Sex leads to death in Lucio Fulci’s psychedelic psycho thriller.
In the tawdry and terrifically titled A Lizard in a Woman’s Skin, fantasy merges with reality in the addled mind of our haunted (soon to be hunted) heroine. It’s a nightmarish take on sexual liberation and experimentation, turning vice into a deadly game. From serial terroriser Lucio Fulci, this grisly 1970s giallo features a divinely deranged Ennio Morricone score and scandalously good Carlo Rambaldi special effects.
Set in London and featuring an eclectic international cast, it begins in dream-mode, deep inside our protagonist’s (t)horny mind. The exotically attractive, prosaically named Carol Hammond (Brazilian actress Florinda Bolkan) is frantically negotiating what starts out as the corridor of a train before becoming the scene of an orgy, with naked young couples rather than elderly commuters now blocking her path; her audible anxiety is transformed into near orgasmic groans. As she reaches the end of the corridor, Carol finds herself plunging through darkness and into the grasp of a feline temptress, who laughs witchily before proceeding to seduce her.
The next day Carol discusses the dream with her psychoanalyst, Dr Kerr (George Rigaud) and it transpires that such lurid lesbian fantasies have become commonplace. The seductress is revealed as her disreputable neighbour, Julia Durer (Anita Strindberg), and the scene of the orgy is the flat next door. Mysteriously, Carol claims never have to set foot in there and to not be an acquaintance of the woman in question. The psychoanalyst explains that, in this dream, Julia "represents degradation" and that her freedom excites Carol.
However, matters take a sinister turn when – in what Dr. Kerr describes as "a liberating dream" – Carol imagines murdering her fantasy lover during a tryst. This is not in itself a cause for concern except that, soon after, Julia is actually found dead, stabbed and splayed half-naked on her scarlet bed, in the exact manner of Carol’s nightmare.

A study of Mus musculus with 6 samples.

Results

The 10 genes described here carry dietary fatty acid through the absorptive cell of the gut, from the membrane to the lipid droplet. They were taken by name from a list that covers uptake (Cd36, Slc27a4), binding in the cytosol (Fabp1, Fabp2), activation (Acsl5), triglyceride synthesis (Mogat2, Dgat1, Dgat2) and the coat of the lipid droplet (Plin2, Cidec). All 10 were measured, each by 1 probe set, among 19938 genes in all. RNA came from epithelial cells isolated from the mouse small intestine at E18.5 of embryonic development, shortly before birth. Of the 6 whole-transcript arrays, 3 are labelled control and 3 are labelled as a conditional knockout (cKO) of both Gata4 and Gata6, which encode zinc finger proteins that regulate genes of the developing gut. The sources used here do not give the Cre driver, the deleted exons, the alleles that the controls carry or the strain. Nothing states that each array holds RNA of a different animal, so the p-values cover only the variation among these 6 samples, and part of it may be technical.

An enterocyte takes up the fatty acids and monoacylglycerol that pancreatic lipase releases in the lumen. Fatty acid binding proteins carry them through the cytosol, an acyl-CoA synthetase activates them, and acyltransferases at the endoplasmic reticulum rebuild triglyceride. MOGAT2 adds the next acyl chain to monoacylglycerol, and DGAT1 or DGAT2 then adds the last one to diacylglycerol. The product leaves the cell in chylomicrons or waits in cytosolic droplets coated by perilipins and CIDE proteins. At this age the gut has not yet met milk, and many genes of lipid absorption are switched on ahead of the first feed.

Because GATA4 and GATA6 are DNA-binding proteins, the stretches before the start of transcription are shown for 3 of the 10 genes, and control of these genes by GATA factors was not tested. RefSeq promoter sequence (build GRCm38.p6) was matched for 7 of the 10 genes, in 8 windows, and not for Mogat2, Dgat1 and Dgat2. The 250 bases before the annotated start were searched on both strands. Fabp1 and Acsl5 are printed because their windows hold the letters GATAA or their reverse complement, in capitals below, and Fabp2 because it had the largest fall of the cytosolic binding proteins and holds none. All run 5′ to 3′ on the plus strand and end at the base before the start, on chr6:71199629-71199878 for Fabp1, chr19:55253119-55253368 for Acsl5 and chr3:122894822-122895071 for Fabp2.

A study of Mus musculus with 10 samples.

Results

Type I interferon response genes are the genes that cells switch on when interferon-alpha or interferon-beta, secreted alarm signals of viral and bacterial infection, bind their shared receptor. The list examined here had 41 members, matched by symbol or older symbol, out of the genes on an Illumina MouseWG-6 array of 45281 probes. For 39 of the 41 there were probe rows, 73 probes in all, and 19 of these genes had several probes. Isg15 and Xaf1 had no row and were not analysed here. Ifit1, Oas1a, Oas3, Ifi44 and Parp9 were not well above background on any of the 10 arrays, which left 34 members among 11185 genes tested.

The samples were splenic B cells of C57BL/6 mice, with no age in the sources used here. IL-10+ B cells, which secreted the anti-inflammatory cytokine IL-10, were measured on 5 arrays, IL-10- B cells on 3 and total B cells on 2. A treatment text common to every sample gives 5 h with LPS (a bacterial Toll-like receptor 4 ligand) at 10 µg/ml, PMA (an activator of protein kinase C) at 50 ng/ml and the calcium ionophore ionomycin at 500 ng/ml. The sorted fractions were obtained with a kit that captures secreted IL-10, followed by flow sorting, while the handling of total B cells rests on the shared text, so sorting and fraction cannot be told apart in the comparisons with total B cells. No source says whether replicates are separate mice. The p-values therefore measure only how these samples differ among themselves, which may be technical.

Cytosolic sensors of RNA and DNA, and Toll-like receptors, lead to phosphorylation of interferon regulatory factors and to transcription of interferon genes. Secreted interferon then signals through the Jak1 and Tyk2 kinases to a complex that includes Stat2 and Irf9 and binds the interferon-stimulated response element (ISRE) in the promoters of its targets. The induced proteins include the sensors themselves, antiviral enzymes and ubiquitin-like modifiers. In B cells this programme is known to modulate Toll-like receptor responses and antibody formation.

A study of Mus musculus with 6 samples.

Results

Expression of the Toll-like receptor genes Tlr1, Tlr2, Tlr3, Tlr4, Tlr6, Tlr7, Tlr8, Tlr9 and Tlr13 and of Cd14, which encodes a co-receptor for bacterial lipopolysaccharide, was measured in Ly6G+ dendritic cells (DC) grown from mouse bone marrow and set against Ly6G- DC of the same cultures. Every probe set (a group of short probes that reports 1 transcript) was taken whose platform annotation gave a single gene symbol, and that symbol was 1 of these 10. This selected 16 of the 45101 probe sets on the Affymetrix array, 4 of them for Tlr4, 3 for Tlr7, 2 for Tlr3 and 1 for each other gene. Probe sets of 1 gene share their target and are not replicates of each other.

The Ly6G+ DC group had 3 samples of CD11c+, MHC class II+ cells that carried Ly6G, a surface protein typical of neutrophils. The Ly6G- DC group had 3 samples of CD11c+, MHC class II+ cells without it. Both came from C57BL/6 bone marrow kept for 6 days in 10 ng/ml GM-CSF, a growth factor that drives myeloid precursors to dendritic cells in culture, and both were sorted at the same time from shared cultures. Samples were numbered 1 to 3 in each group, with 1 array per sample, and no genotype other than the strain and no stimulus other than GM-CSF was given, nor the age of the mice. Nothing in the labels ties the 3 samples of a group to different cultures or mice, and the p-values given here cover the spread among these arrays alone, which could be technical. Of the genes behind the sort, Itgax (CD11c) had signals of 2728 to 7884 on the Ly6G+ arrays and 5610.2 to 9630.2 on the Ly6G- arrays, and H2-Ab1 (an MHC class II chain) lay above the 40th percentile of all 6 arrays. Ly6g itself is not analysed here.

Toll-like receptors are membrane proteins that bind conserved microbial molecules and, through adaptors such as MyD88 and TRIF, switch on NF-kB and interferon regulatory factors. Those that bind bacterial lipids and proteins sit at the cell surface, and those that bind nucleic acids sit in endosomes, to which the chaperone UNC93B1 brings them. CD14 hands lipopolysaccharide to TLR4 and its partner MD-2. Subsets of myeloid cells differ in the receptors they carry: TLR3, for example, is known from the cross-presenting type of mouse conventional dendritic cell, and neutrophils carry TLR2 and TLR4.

On one level, A Lizard in a Woman’s Skin is an old-fashioned whodunit – with the suspects comprising Carol’s nearest and dearest, including her adulterous husband Frank (Jean Sorel), his daughter Joan (Edy Gall) and Carol’s politician father Edmond Brighton (Leo Genn). On another, it’s wild and utterly unconventional – like a delirious and dangerous trip. There’s the appearance of a maniacal swan, an assault by bats and some sinister hippies.
In a bizarre turn of events, the film’s Italian director Lucio Fulci was prosecuted for offences relating to animal cruelty due to the disturbingly realistic nature of a sequence where Carol strays upon a macabre vivisection experiment, involving live dogs. Special effects artist Carlo Rambaldi (who would later go on to design E.T. and produce the effects for Alien, nabbing an Oscar for both) was forced to present the animatronic models in court to prove real animals had not been harmed.
Fulci is known as the ‘Godfather of Gore’ and A Lizard in a Woman’s Skin was one of many controversial films that he directed. He started out as a comedy director but by the late sixties had moved into the thriller/horror domain with memorably unpleasant results. His work in this field attracted world-wide controversy (as well as myriad slavish devotees), with films such as Zombie (aka Zombie Flesh Eaters) and House by the Cemetery; his output during this era was routinely subject to censorship and occasionally outright bans.
Seriously seedy, but miles from mere trash A Lizard in a Woman’s Skin makes manifest fears regarding sexual transgression. It’s an imaginatively executed sex and gorefest, a murderous riddle and a psychologically credible portrait of a tormented mind.
A Lizard in a Woman’s Skin is showing at The Prince Charles Cinema, London on Wednesday March 28 at 20:45.